June is Great Outdoors Month, and that also means it’s time for the Great American Campout, typically held on the fourth Saturday in June. In honor of celebrating camping safely and responsibly, the Student Conservation Association (SCA) offers many programs geared toward maintaining campsites and educating visitors. Here are three locations where you can find our SCA crew members making a difference this summer!

1. Shoshone National Forest in Wyoming

Home to 2.4 million acres of rugged backcountry, historic areas and beautiful alpine lakes, the SCA’s Backcountry Wilderness Ranger spends 12 weeks at the extraordinary Washakie, Fitzpatrick and Popo Agie Wilderness areas. The ranger helps with campsite inventory, cleanup, naturalization and restoration. They also help carry out trash and collect visitor use data throughout 1.4 million acres of wilderness. The data will help inform upcoming visitor use management decisions for some of the Forest’s most highly used areas. Named after the Shoshoni people who have called this area of northwestern Wyoming home for thousands of years, the Shoshone National Forest is part of the 10-million-acre Greater Yellowstone Ecosystem.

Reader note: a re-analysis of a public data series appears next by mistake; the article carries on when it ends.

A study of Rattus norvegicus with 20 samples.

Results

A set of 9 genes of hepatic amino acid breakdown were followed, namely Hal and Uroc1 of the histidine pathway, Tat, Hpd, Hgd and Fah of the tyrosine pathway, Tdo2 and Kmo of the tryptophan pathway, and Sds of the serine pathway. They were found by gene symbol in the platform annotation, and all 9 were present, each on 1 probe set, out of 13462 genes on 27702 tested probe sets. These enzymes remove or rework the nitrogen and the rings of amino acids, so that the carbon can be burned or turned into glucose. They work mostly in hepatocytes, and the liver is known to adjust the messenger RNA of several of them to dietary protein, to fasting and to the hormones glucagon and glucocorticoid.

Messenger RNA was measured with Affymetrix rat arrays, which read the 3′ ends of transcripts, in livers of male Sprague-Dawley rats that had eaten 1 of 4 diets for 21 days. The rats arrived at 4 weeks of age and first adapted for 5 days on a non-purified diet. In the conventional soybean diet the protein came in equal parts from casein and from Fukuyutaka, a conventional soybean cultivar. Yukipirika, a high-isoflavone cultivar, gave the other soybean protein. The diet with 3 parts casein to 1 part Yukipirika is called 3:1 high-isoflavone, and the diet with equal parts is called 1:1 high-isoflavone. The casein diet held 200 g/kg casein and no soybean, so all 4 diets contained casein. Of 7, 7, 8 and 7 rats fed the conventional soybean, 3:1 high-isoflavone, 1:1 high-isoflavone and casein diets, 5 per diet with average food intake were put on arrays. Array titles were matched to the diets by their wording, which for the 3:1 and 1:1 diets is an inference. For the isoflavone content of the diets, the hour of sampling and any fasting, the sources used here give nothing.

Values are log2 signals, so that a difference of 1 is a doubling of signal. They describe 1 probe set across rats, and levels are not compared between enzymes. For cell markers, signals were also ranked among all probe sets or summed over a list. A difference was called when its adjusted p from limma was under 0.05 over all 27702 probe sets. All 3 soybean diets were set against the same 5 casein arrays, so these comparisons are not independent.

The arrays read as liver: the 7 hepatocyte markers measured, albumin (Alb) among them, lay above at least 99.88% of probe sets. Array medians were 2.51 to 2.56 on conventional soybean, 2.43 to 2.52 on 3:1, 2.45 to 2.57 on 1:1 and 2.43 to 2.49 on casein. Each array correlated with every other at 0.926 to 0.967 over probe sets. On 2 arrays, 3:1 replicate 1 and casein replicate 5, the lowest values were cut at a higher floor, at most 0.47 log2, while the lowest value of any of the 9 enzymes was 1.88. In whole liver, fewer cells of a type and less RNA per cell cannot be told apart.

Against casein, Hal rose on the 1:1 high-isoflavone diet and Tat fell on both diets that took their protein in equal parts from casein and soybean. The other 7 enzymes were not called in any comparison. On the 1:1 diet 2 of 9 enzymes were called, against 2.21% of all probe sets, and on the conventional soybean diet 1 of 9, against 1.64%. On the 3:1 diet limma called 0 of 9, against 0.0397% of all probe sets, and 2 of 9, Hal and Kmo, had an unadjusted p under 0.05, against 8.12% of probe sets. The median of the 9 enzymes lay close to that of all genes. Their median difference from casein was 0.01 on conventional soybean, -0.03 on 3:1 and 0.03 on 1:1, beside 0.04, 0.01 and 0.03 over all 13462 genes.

2. Okanogan-Wenatchee National Forest in Washington

The SCA’s Wilderness Ranger Crew joins a diverse wilderness program with the U.S. Forest Service. They help conduct wilderness patrols and provide visitor education on Leave-No-Trace camping principles to encourage visitors to preserve and protect the campsites they visit. Trail maintenance and reconstruction projects are also a critical part of this project. The Okanogan-Wenatchee National Forest is a large and diverse landscape, encompassing 3.8 million acres along the east slopes of the Cascade Range in Washington state.

3. Payette National Forest in Idaho

The SCA’s Wilderness Trail Crew performs trail maintenance along 360 miles of trails, including re-establishing trail treads, clearing logs crossing the trails, cleaning out water bars, installing trail signs, and providing campsite cleanup and rehab. The Payette National Forest boasts more than 2.3 million acres to enjoy, where visitors will find the deep recesses of Hells Canyon and peaks reaching elevations of almost 9,500 feet. From Hells Canyon to the Frank Church-River of No Return Wilderness, here you can experience the solitude of seldom traveled trails.  

Help our crews continue to preserve and protect national, state and local parks with your gift for our Million Dollar Challenge. Your donation will be matched dollar for dollar through June 30 for TWICE the impact!